Amitabha Majumdar


Fecha y hora

23 de Noviembre 12:30 hrs.



Instituto Cajal


How proteins with a limited half-life can help in maintaining memory over a lifetime is one of the central questions in understanding the molecular mechanism of memory. Previously a protein synthesis regulator CPEB was implicated in this process. CPEB behaves like a functional prion and was shown to be essential for the maintenance of long-term facilitation in Aplysia. It was further suggested this prion-like behavior helps CPEB to maintain the altered state of synapse and long-term memory. The Drosophila homolog of CPEB, Orb2 was found to exhibit prion-like properties, and blocking its prion-like oligomerization interfered with the persistence of memory. Orb2 is one of the first identified physiologically beneficial functional prions. Since this prion-like oligomerization of Orb2 is the key to regulating the persistence of memory, it is very important to understand how this oligomerization is regulated in the brain. In my talk, I will discuss our findings on this question.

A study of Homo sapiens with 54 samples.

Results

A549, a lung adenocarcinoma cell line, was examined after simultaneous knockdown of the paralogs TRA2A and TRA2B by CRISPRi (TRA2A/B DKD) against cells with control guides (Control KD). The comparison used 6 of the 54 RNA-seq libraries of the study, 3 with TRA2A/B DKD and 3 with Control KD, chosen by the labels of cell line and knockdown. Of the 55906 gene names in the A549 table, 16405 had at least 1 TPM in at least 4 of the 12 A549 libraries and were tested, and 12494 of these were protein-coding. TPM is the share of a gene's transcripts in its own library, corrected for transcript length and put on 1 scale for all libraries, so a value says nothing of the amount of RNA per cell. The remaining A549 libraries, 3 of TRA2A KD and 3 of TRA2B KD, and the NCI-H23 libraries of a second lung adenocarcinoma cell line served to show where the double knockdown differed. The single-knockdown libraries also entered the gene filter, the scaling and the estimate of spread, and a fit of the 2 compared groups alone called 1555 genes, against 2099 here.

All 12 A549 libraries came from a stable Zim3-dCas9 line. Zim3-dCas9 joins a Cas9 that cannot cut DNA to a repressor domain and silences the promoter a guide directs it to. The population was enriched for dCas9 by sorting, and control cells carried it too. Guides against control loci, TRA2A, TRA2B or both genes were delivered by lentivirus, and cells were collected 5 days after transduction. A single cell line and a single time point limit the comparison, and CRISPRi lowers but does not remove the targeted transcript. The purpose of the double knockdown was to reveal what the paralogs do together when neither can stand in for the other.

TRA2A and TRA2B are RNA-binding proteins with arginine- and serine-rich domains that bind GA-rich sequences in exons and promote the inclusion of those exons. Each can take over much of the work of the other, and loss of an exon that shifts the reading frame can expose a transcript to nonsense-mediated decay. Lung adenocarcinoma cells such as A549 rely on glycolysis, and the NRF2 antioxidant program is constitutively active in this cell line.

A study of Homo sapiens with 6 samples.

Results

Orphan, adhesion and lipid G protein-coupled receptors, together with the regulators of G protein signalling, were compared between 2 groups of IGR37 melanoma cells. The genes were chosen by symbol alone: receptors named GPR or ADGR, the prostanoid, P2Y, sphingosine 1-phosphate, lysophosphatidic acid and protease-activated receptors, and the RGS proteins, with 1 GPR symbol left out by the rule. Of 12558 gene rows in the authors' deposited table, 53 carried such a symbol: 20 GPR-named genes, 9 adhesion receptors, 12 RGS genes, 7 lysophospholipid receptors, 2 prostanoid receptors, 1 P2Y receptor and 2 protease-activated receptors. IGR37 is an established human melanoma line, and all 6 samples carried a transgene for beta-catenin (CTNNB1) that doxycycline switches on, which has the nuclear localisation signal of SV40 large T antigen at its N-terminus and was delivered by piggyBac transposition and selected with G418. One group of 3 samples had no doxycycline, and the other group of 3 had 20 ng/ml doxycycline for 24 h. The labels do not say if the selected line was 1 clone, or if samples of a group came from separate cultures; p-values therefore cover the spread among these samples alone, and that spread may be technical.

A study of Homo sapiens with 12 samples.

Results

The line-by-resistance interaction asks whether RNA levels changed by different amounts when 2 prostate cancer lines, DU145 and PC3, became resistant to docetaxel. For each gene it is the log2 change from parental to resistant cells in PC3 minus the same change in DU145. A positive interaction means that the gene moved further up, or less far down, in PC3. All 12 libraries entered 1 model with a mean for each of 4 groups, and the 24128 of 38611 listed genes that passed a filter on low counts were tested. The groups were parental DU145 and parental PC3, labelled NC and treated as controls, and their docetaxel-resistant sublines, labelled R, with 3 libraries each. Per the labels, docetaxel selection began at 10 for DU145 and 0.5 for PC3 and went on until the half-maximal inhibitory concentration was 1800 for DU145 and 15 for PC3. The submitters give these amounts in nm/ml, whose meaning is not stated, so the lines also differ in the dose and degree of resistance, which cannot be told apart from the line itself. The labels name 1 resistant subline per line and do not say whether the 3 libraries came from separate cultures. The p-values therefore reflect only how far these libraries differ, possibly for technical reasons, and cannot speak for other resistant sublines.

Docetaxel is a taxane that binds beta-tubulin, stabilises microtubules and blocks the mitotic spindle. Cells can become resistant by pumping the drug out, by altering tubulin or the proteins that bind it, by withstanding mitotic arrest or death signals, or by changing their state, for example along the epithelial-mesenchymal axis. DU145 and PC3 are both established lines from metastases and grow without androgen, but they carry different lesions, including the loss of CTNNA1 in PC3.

Related publications with the topic

Desai M, Hemant, Deo A, Naik J, Bose T, Majumdar A (2022). Mrj an Hsp40 family chaperone regulates the oligomerization of Orb2 and long-term memory. bioRxiv 2022.10.16.512122; doi:

Majumdar A, Cesario WC, White-Grindley E, Jiang H, Ren F, Khan MR, Li L, Choi EM, Kannan K, Guo F, Unruh J, Slaughter B, Si K. (2012). Critical role of amyloid-like oligomers of Drosophila Orb2 in the persistence of memory. Cell. 148:515-29. doi: 10.1016/j.cell.2012.01.004. Epub 2012 Jan 26.

 Si K, Choi YB, White-Grindley E, Majumdar A, Kandel ER (2010) Aplysia CPEB can form prion-like multimers in sensory neurons that contribute to long-term facilitation. Cell 140:421-35. doi: 10.1016/j.cell.2010.01.008.